A perfectly ripe pear is an autumnal joy all by itself, but when the pears are not quite ripe or are a little on the grainy side, poaching them erases all sins. Using a plain light syrup gives you a soft, unpretentious result reminiscent of the canned pears we probably all loved as kids, but adding grown-up flavorings to the liquid or using wine or juice instead of water elevates the simple fruit to heights of sophistication.
Naturally, ginger is one of my favorite additions to the poaching syrup, but that’s just the start. Although I once thought nothing could supplant allspice in my “where have you been all my life?” affections, lately I can’t keep my hands off the jar of Szechuan peppercorns. These little pink gems look like miniature red popcorn kernels, smell like a cross between citrus and roses, and add just the right hint of delicious mystery. To play supporting alto to their trilling soprano, I add an equal amount of black peppercorns, rendering a subtly challenging syrup that makes both the pears and your tastebuds go “hmmm”.
As a bonus, any syrup left after you’ve fished out the last of the pears can be mixed with fizzy water to yield a subtly spicy pear-and-ginger soda, or stirred into unsweetened iced tea for a flavor Snapple only wishes they’d thought up.
Pears Poached with Ginger and Szechuan Peppercorns
Serves 4-6, not counting leftover syrup for beverages
1 cup granulated sugar
1 thumb-sized piece of ginger, peeled and sliced
1/4 teaspoon each Szechuan and black peppercorns
3 cups water
1 quart Seckel pears or 6-8 full-sized pears
In a large saucepan, combine the sugar, ginger, peppercorns and water. Bring to a boil, then reduce heat and simmer for 5 minutes.
Meanwhile, peel the pears, cut in half, and remove the cores with a melon baller. If using full-sized pears, cut into eighths. Seckels can be left in halves.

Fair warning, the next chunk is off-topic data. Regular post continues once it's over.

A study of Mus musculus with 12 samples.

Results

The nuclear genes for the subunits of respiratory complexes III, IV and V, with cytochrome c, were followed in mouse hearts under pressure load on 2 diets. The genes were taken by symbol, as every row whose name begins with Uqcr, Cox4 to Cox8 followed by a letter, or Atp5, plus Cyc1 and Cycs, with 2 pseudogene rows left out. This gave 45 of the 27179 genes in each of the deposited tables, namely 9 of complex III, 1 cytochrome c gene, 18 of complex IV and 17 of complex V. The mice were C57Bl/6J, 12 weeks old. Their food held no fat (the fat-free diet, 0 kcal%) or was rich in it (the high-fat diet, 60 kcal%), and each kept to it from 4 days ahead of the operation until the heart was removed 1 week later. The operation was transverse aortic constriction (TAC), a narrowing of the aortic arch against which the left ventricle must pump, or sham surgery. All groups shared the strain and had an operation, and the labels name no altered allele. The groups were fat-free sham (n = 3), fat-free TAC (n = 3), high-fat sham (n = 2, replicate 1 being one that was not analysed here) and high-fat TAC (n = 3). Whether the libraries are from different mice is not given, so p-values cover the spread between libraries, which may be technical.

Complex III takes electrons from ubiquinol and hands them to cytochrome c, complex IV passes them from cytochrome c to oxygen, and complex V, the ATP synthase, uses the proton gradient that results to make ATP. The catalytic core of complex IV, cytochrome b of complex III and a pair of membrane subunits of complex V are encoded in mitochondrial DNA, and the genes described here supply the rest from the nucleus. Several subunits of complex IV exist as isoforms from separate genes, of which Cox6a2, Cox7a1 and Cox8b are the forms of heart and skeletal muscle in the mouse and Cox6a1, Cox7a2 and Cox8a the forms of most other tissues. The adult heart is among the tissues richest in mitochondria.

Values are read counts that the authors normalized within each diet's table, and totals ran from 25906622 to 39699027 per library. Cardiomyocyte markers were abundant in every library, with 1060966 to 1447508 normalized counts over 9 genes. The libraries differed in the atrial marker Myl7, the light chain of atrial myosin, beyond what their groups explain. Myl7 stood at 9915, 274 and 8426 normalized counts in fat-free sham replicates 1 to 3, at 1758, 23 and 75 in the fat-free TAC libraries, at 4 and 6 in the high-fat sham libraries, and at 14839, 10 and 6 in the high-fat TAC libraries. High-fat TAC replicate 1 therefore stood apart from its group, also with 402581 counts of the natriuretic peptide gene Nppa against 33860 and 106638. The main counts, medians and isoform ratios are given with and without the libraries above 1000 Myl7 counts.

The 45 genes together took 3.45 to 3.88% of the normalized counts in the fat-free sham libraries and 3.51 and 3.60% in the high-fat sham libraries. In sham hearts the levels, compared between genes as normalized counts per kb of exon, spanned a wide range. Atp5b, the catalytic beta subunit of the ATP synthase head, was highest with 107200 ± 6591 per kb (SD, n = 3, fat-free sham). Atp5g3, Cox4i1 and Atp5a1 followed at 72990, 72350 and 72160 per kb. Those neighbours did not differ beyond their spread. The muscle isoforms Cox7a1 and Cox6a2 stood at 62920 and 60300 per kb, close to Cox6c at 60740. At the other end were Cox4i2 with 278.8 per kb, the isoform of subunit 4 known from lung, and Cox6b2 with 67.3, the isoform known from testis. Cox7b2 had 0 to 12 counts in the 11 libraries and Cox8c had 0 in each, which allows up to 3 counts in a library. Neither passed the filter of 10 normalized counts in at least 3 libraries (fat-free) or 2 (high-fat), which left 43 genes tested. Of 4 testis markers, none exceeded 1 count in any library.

Tip the pears into the syrup, return to a simmer, and continue cooking until the tip of a sharp knife easily pierces the pears all the way through. Let the pears cool to room temperature, then fish out the peppercorns and ginger.
Cover and refrigerate until ready to serve in your prettiest bowls, with or without ice cream, for dessert, or with yogurt and granola for breakfast. Use any leftover syrup in your favorite beverage application.
I am a fiend for the tiny, cute Seckel variety, which make for a particularly elegant presentation, but pretty much any variety will work. In this batch, I mixed Seckels and big red Bartletts with no ill effects. Very firm varieties like Boscs will hold together really well, although you will sacrifice some of the creaminess that makes a poached pear so soothing.
You can bump up the quantity of ginger or black peppercorns to your heart’s content. Whatever you do, though, don’t add more Szechuan peppercorns unless you like your desserts with a side of Novocaine. The same compounds in Szechuan peppercorns that give them their addictively floral fragrance also make them a topical anaesthetic in larger quantities. Any more than I’ve indicated here will numb your tongue for hours.
If you can’t get Szechuan peppercorns, you could get a similar, if less dramatic, effect with a couple of star anise or a cinnamon stick plus half a vanilla bean in addition to the black peppercorns.